When this whole pandemic began, I didn’t rush out to buy food or other supplies. I had just made a pretty big grocery run, so I didn’t see the need to go shopping. When I did venture out, actually needing to restock our toilet paper supply and other things, guess what? Yep. No toilet paper or paper towels anywhere.
We don’t drink bottled water (we have filters on the sink and the refrigerator), but I noticed there seemed to be a run on bottled water. Curious, I thought.
I began observing what items were being bought up quickly. Toilet paper, paper towels, Lysol and hand wipes were at the top of the list.
Even now, when you do find these items, you feel like you won the lottery. But flour? That seemed odd to me. All I could reason was that people were all home baking.
One shopping trip I needed beans for chili and was surprised all of the canned beans were gone. No worries, I thought. I will just get dried beans. Nope. They were sold out too. That really surprised me — who would have ever thought all of the dried beans would sell out?
When I needed peroxide, I asked the grocery store worker where it was. She looked at me incredulously and said they couldn’t keep it on the shelves. What? What were people hoarding peroxide for?
Another shopping trip I needed some frozen edamame for an Asian dinner. There was none. I went to three stores and they were all sold out of frozen edamame. Ditto for tofu. That was a first, for sure. I never thought I would see the day when tofu was a commodity.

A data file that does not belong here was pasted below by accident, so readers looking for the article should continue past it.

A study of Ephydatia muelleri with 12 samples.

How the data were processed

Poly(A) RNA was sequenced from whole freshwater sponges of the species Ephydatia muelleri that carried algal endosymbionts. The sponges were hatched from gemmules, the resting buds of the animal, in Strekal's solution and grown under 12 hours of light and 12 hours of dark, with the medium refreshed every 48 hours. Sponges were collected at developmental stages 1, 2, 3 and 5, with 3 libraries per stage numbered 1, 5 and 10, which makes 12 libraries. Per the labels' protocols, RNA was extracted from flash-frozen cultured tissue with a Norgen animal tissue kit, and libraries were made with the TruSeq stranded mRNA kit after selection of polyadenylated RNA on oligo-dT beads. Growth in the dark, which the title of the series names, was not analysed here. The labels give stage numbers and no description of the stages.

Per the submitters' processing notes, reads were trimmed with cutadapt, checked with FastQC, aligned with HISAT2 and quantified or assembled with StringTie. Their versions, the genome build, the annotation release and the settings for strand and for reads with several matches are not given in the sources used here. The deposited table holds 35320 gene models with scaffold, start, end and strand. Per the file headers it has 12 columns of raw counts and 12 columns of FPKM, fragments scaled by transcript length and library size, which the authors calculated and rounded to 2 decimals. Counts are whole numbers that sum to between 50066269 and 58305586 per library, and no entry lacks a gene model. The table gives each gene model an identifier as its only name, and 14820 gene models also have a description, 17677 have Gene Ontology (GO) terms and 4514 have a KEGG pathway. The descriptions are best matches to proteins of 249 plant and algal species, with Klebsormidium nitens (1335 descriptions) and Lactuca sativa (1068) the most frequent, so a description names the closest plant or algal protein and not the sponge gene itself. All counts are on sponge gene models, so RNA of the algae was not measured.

I noticed there were slim pickings for frozen pizza. Actually, several times I saw frozen vegetables of all sorts were gone. Pasta and spaghetti sauce have definitely been flying off of the shelves.
Our son who lives in Nashville said he noticed there was often only grass fed beef and organic chicken instead of regular beef and chicken. Locally, we found that Leonard’s Farmers Market was always well stocked with beef and chicken — as well as lots of other things. Speaking of Leonard’s, I so hope everybody supports our awesome local businesses whenever possible.
I asked some of my friends what odd things they had trouble finding these strange past weeks. One said there was no nail polish remover. Perhaps that is because the nail salons were closed for weeks.
Another friend said she needed baking soda to bake a birthday cake for her husband and she had to go to several stores to find some. I noticed yeast was also sold out a few times. One friend said the entire baking aisle at her grocery store has been consistently empty. I guess we have all become bakers during this time.
While many things have been scarce, for the most part, grocery stores did an awesome job staying stocked. We are all blessed to live in a country where you can find food when you need it. Most of us can’t imagine dealing with rations and barren shelves — something that is sadly the reality for millions of people around the globe.
My hopes and prayers remain strong for our readers to stay strong and healthy. As always, I love hearing from you. Please email me your thoughts!
South Forsyth resident Adlen Robinson is author of “Home Matters: The Guide to Organizing Your Life and Home.” Email her at firstname.lastname@example.org.